Love them or hate them, the data sharing rate plans are here to stay, particularly for AT&T and Verizon, whose larger networks enable them to push that value proposition versus “unlimited” data plans that T-Mobile and Sprint offer.

Instead of going through every single data tier between Verizon and AT&T, we put together a few different scenarios based on the number of devices that might be involved, and the amount of data that is purchased.

Since T-Mobile has only three flavors of data, 500MB, 2.5GB and unlimited, and Sprint pretty much only has an “unlimited” data option, we will highlight the other differences in the plans. If you are shopping carriers, you will definitely want to keep all the factors in mind, but if spending less money is your absolute priority, then these comparisons may reveal some unexpected angles for you.

Here are the scenarios we picked for comparison:

  1. Two smartphones sharing 4GB of data
  2. Two smartphones and one tablet sharing 6GB of data
  3. Four smartphones sharing 10GB of data
  4. Five smartphones sharing 15GB of data
  5. Five smartphones and two tablets sharing 20GB of data

Since this is comparing AT&T’s new rates, we will be examine the new tiers of a no-contract smartphone (or AT&T Next). We will not include the cost of the device or insurance (as might apply to AT&T Next, VZW Edge, T-Mobile Jump! or Sprint One Up) in the monthly comparison.

We are also not going to include activation fees since there are variables where they may or may not apply. For example, lines activated on AT&T Next do not incur an activation fee, but a customer provided device, activating a new line of service would ($36).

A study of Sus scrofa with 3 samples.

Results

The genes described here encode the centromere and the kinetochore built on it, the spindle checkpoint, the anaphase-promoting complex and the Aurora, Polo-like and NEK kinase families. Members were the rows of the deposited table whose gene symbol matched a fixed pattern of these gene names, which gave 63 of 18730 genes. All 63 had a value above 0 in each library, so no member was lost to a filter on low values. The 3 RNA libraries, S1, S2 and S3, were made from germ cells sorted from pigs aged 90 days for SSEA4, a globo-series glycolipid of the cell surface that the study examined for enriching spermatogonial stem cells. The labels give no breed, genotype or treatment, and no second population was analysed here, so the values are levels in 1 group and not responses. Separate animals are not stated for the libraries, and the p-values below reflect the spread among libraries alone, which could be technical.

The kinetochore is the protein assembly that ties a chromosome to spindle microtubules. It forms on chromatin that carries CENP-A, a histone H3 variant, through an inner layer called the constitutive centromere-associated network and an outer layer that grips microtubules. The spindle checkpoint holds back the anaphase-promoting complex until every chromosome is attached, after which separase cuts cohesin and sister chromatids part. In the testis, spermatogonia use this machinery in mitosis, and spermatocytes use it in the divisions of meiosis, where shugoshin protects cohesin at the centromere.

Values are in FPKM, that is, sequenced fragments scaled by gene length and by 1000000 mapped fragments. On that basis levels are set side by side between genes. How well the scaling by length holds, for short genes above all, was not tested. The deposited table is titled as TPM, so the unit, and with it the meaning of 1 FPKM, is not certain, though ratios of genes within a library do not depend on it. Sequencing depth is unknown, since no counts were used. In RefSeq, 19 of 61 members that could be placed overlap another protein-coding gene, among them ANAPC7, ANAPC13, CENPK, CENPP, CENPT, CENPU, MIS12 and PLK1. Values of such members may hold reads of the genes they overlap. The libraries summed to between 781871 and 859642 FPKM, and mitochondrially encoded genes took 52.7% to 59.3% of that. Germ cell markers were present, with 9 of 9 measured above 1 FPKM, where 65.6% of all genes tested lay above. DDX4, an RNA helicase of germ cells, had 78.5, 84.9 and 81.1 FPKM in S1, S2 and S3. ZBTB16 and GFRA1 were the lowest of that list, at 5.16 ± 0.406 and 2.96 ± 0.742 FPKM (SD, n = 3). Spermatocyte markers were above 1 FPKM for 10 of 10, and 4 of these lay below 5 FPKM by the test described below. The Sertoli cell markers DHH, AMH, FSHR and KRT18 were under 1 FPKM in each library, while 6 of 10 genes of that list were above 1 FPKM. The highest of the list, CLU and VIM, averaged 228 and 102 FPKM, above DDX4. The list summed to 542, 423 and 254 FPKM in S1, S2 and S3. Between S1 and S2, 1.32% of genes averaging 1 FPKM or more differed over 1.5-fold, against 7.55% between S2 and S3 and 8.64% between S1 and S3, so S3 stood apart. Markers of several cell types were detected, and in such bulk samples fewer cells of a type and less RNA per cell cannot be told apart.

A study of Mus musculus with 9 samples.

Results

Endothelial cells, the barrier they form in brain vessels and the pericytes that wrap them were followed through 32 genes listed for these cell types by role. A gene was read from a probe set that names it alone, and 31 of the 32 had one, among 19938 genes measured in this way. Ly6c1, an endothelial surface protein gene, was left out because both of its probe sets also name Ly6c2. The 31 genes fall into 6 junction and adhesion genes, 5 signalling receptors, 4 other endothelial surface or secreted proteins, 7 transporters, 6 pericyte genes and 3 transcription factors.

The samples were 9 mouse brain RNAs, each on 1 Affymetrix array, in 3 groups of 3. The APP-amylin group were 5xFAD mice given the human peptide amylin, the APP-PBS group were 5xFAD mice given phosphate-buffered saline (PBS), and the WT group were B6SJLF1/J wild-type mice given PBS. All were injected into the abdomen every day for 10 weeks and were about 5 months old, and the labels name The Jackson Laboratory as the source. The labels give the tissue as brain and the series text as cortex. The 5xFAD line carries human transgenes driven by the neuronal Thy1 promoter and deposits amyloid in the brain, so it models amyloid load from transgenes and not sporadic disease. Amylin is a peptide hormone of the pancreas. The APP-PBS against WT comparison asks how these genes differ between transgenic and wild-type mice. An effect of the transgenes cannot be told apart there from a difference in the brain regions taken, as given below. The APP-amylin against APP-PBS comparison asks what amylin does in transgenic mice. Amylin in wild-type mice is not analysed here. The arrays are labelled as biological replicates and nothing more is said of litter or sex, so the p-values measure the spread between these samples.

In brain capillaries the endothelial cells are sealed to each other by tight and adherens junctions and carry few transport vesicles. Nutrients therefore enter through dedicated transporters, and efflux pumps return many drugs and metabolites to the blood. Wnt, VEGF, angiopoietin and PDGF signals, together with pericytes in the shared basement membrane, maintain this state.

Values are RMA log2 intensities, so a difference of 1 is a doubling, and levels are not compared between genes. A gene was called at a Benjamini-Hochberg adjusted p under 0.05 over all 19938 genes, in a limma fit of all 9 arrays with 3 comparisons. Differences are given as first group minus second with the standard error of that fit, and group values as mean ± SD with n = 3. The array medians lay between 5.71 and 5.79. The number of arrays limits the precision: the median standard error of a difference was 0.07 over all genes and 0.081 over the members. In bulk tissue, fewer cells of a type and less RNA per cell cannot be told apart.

T-Mobile does not have a “share” plan, per se. In that instance, the smartphones will each have the 2.5GB data option, the tablet will have the 500MB option for scenarios 1, 2, and 3. For the fourth scenario, we selected the unlimited option for the T-Mobile lines. The final scenario will be calculated as if T-Mobile accommodated plans in excess of 5 total lines on the account, though even if you had two accounts (one with 5 lines and one with 2), we see no reason why the numbers would not line up.

For Sprint, unless otherwise noted, the data option at a minimum per line will be “unlimited” data. For tablets, in each instance, we chose the current promo of 2GB for $15 as the lower tiered options would not be comparable to the other three carriers.

You may be thinking that this is going to be a predictable result, T-Mobile is the cheapest while AT&T and Verizon are the most expensive.  We suspect that the numbers will surprise you, and seeing the numbers side-by-side will drive home the cost considerations you may have if you decide to shop around.

Turn the page and take a look at how things stack up.